If, back in December, I’d have told you that newly-signed Jeff Francoeur would hit 20 homers as a Royal in 2011, that wouldn’t be too far-fetched.
At least, as a young Brave superstar in 2006, he hit 29.
But if I’d have told you he would also steal 20 bases (22 to be exact – so far), I think you’d be correct in calling me crazy and questioning my judgment. And yet, on September 23, 2011, Jeff Francoeur joined Amos Otis, Bo Jackson and Carlos Beltran as the only Royals to hit 20 home runs and steal 20 bases in the same year.
The most surprising aspect of the feat is that his 22 steals bring Francoeur’s career stolen base count to 45.
In other words, he’s doubled his stolen base numbers in one season.
I see a few factors that have allowed Francoeur to find himself reaching this achievement. First, he’s been on base about as well as he ever has. His career high OBP was .338 in 2007 and 2009. Not really great, but for Francoeur, who has been notable for impatience at the plate, his .331 entering Friday’s game puts him nearly in range to surpass that before the end of the year.
Getting on base, obviously, allows him the opportunity to steal a base. A second contributing factor is Ned Yost‘s aggressive approach on the basepaths this year. The Royals have stolen the second most bases in the majors this year and have attempted the third most. Yost is not shy about giving the green light and Francoeur has taken it.
Frenchie has a reputation as a leader. I’m sure, at one point or another, someone’s referred to him as a “gamer” and if you watch him sometimes you can see why. He’s a clubhouse guy. He wants to play every day, and he hustles. He leads the majors in doubles, and at least a handful of those would be singles for 95% of the league. Francoeur kept the engine going and into second.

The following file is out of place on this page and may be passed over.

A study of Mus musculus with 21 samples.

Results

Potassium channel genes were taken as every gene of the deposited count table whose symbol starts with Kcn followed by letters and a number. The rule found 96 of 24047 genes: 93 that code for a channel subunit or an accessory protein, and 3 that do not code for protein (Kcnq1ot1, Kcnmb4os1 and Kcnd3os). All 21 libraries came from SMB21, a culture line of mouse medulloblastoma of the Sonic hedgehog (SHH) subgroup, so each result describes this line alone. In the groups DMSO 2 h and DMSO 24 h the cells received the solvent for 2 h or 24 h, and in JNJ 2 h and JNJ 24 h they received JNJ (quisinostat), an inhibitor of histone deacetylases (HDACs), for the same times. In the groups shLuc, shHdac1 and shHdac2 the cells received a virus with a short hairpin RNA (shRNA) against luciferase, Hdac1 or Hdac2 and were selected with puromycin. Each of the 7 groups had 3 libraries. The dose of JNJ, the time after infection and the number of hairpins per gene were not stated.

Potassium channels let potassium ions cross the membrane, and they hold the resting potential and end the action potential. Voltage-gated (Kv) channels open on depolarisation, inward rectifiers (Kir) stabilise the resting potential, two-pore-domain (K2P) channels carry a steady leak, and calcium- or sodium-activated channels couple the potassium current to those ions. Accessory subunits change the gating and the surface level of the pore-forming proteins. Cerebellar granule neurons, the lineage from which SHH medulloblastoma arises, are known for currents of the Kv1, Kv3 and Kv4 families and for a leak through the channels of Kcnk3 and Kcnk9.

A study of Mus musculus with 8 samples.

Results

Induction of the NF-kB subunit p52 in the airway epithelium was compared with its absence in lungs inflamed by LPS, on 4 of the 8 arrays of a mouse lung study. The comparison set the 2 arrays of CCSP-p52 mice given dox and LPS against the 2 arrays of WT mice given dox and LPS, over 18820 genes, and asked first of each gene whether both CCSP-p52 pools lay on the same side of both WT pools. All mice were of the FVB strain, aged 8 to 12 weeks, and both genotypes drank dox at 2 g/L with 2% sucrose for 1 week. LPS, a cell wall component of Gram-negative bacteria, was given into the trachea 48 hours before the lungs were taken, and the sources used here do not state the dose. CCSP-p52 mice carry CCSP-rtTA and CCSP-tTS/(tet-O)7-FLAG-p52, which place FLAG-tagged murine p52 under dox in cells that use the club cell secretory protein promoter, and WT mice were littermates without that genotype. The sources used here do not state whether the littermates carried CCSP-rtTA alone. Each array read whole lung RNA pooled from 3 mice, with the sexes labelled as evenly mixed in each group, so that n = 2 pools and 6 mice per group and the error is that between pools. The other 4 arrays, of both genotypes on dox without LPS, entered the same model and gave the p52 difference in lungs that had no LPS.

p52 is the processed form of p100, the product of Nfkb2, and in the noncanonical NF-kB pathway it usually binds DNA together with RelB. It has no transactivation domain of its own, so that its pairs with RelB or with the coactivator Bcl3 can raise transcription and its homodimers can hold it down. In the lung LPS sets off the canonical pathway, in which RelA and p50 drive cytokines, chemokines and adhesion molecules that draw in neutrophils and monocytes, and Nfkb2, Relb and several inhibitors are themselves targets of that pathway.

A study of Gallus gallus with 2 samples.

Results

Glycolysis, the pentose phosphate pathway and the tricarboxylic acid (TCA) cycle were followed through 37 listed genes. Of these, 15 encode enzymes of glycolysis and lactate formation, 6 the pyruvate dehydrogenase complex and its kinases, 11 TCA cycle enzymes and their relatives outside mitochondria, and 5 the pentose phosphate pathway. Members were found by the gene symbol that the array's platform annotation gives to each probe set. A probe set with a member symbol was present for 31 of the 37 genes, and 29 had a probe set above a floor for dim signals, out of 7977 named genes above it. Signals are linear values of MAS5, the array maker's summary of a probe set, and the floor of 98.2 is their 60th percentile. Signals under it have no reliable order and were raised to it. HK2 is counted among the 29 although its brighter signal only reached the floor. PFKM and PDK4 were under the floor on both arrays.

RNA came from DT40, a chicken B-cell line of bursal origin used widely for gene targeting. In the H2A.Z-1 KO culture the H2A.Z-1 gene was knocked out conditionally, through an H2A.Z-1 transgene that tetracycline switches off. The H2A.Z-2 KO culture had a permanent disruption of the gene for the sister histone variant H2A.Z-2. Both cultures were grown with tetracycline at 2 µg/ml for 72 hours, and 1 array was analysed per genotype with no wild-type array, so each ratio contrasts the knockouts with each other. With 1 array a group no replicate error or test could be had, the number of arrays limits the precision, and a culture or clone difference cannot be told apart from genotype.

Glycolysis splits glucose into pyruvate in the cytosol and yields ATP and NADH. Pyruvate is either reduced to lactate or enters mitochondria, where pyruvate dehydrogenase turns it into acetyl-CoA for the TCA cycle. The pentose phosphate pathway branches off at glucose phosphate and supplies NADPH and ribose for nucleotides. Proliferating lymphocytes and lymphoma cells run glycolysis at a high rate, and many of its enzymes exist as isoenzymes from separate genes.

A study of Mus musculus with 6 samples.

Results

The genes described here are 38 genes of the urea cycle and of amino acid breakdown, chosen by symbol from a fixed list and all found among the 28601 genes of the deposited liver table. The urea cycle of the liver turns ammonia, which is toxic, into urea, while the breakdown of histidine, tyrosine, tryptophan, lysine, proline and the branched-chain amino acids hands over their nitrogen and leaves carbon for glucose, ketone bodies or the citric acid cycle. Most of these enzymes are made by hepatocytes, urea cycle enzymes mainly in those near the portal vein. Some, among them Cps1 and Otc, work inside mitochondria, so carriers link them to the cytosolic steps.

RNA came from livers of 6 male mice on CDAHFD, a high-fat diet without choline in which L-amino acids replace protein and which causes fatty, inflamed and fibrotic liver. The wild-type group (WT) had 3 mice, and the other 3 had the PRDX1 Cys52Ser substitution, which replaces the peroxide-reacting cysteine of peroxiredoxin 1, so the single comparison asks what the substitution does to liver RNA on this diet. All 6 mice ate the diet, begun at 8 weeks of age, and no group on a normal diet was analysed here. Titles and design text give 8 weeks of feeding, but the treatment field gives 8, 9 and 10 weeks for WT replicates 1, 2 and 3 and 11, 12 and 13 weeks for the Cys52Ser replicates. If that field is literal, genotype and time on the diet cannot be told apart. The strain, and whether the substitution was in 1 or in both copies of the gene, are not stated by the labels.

Of course, he’s been thrown out a few times trying to leg a single into a double. In the process of stealing 22 bases, Francoeur has also been thrown out ten times.
That’s the fun of counting stats. Francoeur has 22 steals, but he’s been unsuccessful 31.75% of the time. That’s not a very good rate, so his career high is more a matter of opportunity than great skill. To be fair, he’s put himself on base to get the opportunity and there must be an element of scouting, instinct and timing that he’s worked on to feel comfortable taking off more often than he has in any other year. Aaron Stilley at Royal Heritage has a better argument about the value of a stolen base versus getting caught, and Frenchie’s barely in the positive column in stolen base value.
He’s not getting thrown out that much more often than Scott Podsednik did, after all (28.6%).
So congratulations to Jeff Francoeur, who should receive votes for Comeback Player of the Year. He’s sitting on career highs for stolen bases, extra base hits, and is on pace for his second highest OPS and slugging percentage in his career, while reaching 20 homers for the second time in his life.